Ticket to Paradise
Ticket to Paradise, starring Julia Roberts and George Clooney; courtesy of Universal Pictures

We know D.C. Get our free newsletter to stay in the know.

Ol Parker is known for bubbly, ebullient romantic comedies. His films The Best Exotic Marigold Hotel and Mamma Mia! Here We Go Again were unabashedly cheesy—the kind of films that do not set box office records and become major hits anyway. In many ways, his latest, Ticket to Paradise, continues that tradition. George Clooney and Julia Roberts star in it, rehashing the chemistry that helped make the Ocean’s 11 series so successful. More importantly, the film is set in Bali, serving as a travelogue for anyone wealthy enough to vacation in the South Pacific. Sounds like a no-brainer, right? Trouble arises in paradise, however, because Parker, along with his co-screenwriter Daniel Pipski, have little understanding of what makes Clooney and Roberts so charming in the first place.

The megastars play David and Georgia, a divorced couple who cannot stand each other. Over lunch, Georgia observes she prefers to stay in a different time zone than her ex-husband. But their daughter Lily (Kaitlyn Dever) is graduating from college in Chicago, forcing the pretense of civility. These early scenes are where Ticket to Paradise starts to fumble. David and Georgia are not prickly; in fact, they are kind of mean, prone to one-liners that contain more bile than wit. A sharper screenplay, one where they trade barbs with a kind of begrudging respect, would have made their relationship more plausible. Still, this is the kind of movie where the story is on autopilot, letting the admittedly stunning vistas smooth things over. Lily’s postgraduate vacation to Bali leads to a “surprise”: She decides to stay there because she’s fallen in love with a seaweed farmer, Gede (Maxime Bouttier). David and Georgia follow Lily to Bali, where they plan to sabotage the wedding under the guise of supporting their daughter.

A dearth of chemistry between the leads means that we start to see additional cracks. Other than a vague desire for Lily to pursue her career, David and Georgia can barely articulate why they disapprove of her choices (there is an unintentional running gag about how it is unclear whether Lily finished undergrad or law school). Other than Lily’s parents and friend Wren (Billie Lourd), she seemingly has no ties to the United States, to the point that the wedding is full of Balinese cultural traditions and none of her own. In fact, Gede’s family gets the “magic” treatment, a kind of folksy deference that exists only in romcom plots to show just how awful the Americans actually are. The characters in Crazy Rich Asians are a direct critique of this trope, suggesting that Parker and Pipski would rather regress their chosen genre than advance it.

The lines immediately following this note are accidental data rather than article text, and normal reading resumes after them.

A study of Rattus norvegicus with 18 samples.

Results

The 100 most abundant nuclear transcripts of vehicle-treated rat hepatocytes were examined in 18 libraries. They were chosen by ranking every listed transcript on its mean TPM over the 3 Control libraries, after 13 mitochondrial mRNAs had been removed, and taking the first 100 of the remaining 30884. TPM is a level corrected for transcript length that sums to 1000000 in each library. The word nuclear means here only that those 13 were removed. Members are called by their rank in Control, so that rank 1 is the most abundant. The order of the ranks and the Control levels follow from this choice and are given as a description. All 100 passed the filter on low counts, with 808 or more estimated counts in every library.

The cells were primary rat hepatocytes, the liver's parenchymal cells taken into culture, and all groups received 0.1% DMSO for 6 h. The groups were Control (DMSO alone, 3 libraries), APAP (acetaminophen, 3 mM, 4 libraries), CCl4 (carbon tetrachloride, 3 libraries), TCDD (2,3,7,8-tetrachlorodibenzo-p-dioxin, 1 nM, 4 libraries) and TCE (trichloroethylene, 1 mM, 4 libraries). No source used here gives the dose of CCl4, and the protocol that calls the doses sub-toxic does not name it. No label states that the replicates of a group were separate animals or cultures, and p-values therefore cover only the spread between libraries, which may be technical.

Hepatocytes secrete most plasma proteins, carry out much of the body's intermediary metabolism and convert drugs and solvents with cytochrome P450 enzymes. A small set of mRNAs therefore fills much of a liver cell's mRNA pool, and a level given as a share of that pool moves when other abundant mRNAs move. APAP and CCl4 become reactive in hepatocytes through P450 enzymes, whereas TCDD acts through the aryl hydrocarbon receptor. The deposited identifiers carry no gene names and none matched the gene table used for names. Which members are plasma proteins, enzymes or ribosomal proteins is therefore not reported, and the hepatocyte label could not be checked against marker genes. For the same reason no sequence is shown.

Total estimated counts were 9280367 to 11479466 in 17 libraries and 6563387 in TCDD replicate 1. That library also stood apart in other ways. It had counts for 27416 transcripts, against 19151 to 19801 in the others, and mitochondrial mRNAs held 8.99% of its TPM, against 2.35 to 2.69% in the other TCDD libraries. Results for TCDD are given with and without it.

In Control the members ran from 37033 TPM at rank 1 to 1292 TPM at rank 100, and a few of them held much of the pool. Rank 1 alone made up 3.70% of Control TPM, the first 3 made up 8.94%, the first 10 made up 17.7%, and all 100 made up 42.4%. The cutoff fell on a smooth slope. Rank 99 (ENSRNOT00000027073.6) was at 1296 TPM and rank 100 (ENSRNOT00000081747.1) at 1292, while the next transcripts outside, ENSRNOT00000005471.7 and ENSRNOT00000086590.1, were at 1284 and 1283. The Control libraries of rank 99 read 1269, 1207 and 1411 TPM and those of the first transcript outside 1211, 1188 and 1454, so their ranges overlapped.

In spite of an uneven first half, Ticket to Paradise lumbers toward modest charms once David and Georgia reconnect. Clooney’s rakish charm can add subtext to any clunky line, while Roberts’ trademark laugh helps assure the audience that everyone is having a good time. This is important to the comic set-pieces, such as a beer pong game that goes on too long, and a day trip that ends with the four leads spending the night away from their posh hotel. There are no insights here, exactly, just the kind of story beats that lead us toward an inevitable conclusion.

Clooney and Roberts are having fun with characters who are impulsive and scheming, yet the younger characters are surprisingly straitlaced. Dever is a terrific actor, and yet here she comes off a humorless scold, while Bouttier does not fare much better. And when the parents promise to end their sabotage campaign, there is little truth to the film’s Hallmark-ready observations about parenthood. That would require insight about human behavior that eludes Parker and his collaborators.

Like Parker’s other films, Ticket to Paradise’s destiny likely involves basic cable. It’s the kind of film you awkwardly watch with distant relatives over the holidays because it seems the least offensive of the available offerings. There are better rom-coms that could fulfill that need, and for a while, David and Georgia’s relationship is such a mystery that your one relative who won’t shut up will find themselves asking questions about the premise, the characters, and what Clooney’s wife is up to nowadays. This time, maybe you have some sympathy for that one cousin or aunt. Sure, they should put a sock in it, but intentionally or not, they’ve zeroed in on problems that another several rounds of script revisions could have easily overcome.

Ticket to Paradise plays in theaters everywhere starting October 21.